Wednesday, October 14, 2009

Peaches and Pâte Brisée

Alas, it's the time of year that I've been dreading. Today was the first official day of rain in SoCal. Summer is almost out the door, it's time to say my goodbyes to the gorgeous sunny days. I'll be slaving away over papers, presentations, and exhibition plans this winter. -sigh-

Food blogs all over the web have began posting winter recipes with pumpkin and cranberries. Soups, stews, and warm cobblers are popping up everywhere. I'm having a hard time saying my goodbyes to summer even though I'm craving the goodness of Thanksgiving.

I haven't started baking fall goodies yet, so here's a post about peaches and crusts; or the last bit of summer. My mom bought these peaches from the grocery store, so they were kind of hit or miss. After having organic, locally grown peaches, these just didn't compare! If you can, always try to get your hands on good locally grown peaches instead of what the market usually carries. Go to your Farmer's Markets people!! The produce is waaaay better...even if it might cost a little bit more, it's definitely worth it.

I decided to make both a galette and hand pies. I tried two different crust recipes. The galette was adapted from Smitten Kitchen's Nectarine Galette. I don't know if it was because of this recipe or me learning to handle dough better, but this was one of the flakiest crusts I have ever made. It was beautiful!! And really simple: flour, sugar, salt, butter, water. The filling consisted of peaches, ground almonds, flour, and sugar. The sprinkling off granulated sugar before baking made a beautiful crust. I would probably cut the sugar out of the dough recipe next time though, there was plenty of sugar to be had in the filling and the final sprinkling.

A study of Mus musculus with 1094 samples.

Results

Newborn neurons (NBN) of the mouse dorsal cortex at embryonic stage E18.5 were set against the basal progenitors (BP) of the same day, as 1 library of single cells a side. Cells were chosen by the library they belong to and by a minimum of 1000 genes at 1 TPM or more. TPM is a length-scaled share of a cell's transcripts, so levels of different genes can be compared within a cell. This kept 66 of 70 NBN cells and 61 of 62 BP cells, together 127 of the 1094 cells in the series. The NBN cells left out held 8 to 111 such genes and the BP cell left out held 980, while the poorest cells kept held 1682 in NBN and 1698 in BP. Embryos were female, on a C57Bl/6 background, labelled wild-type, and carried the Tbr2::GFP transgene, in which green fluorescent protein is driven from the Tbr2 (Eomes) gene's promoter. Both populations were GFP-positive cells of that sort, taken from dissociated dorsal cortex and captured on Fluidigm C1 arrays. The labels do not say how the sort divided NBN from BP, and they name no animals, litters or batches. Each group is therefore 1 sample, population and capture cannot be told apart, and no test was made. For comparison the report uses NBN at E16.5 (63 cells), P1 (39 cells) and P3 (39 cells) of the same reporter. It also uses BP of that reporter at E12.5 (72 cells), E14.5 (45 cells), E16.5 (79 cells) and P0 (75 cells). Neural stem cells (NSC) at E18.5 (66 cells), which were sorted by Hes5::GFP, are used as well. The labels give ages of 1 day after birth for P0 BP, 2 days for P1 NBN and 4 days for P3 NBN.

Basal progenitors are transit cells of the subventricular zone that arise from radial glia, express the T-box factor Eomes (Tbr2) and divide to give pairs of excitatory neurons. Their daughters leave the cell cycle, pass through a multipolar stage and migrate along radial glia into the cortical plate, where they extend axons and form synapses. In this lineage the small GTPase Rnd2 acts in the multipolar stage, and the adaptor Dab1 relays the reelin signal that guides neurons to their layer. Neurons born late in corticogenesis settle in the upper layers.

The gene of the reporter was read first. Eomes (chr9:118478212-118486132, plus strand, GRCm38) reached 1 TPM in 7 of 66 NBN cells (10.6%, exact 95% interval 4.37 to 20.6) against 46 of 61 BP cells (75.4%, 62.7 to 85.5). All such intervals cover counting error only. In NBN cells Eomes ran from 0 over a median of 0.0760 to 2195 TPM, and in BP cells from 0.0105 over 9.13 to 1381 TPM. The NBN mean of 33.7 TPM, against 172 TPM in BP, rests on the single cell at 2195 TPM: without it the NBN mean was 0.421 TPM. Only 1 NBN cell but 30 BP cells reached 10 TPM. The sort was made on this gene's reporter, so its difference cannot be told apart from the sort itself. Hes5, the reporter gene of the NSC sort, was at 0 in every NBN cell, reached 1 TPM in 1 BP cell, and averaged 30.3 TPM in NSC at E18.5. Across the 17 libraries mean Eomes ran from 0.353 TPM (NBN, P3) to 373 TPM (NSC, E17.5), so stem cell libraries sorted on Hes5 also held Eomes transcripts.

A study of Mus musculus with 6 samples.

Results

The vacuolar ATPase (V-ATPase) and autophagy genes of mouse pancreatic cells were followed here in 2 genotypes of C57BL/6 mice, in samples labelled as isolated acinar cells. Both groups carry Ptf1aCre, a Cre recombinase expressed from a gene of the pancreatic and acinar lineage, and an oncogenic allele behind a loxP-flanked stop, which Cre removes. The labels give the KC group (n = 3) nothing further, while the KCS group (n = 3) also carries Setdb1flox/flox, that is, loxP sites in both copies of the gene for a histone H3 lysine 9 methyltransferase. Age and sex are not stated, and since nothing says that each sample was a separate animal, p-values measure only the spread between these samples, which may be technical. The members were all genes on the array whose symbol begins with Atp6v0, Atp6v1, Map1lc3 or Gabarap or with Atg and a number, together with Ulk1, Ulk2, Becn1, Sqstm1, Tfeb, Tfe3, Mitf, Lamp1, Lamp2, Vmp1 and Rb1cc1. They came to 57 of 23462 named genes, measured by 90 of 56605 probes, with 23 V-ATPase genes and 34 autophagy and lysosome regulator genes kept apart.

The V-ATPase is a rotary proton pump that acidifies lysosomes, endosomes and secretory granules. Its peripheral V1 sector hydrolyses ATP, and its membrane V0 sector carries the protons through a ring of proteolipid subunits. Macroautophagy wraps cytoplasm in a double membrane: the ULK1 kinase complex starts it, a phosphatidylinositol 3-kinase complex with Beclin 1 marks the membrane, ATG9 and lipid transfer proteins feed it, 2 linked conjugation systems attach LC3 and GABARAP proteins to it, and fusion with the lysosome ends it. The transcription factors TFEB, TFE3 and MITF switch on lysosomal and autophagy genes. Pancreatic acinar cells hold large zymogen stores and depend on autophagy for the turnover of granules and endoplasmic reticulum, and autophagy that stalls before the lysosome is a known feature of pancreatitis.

The second crust recipe consisted of the same ingredients, minus the sugar. But it was put together in a whole different way from Tartine, that I found through Croissants for Breakfast. The method goes somewhere along the lines of rolling out all the ingredients on a flat surface. At first it seems like a rather strange, messy idea, but the crust came out pretty flaky, just not the same kind of flakiness as the galette. I also decided to sprinkle these with some turbinado sugar, which didn't do much to the appearance, I should have used a better glaze and perhaps regular granulated sugar.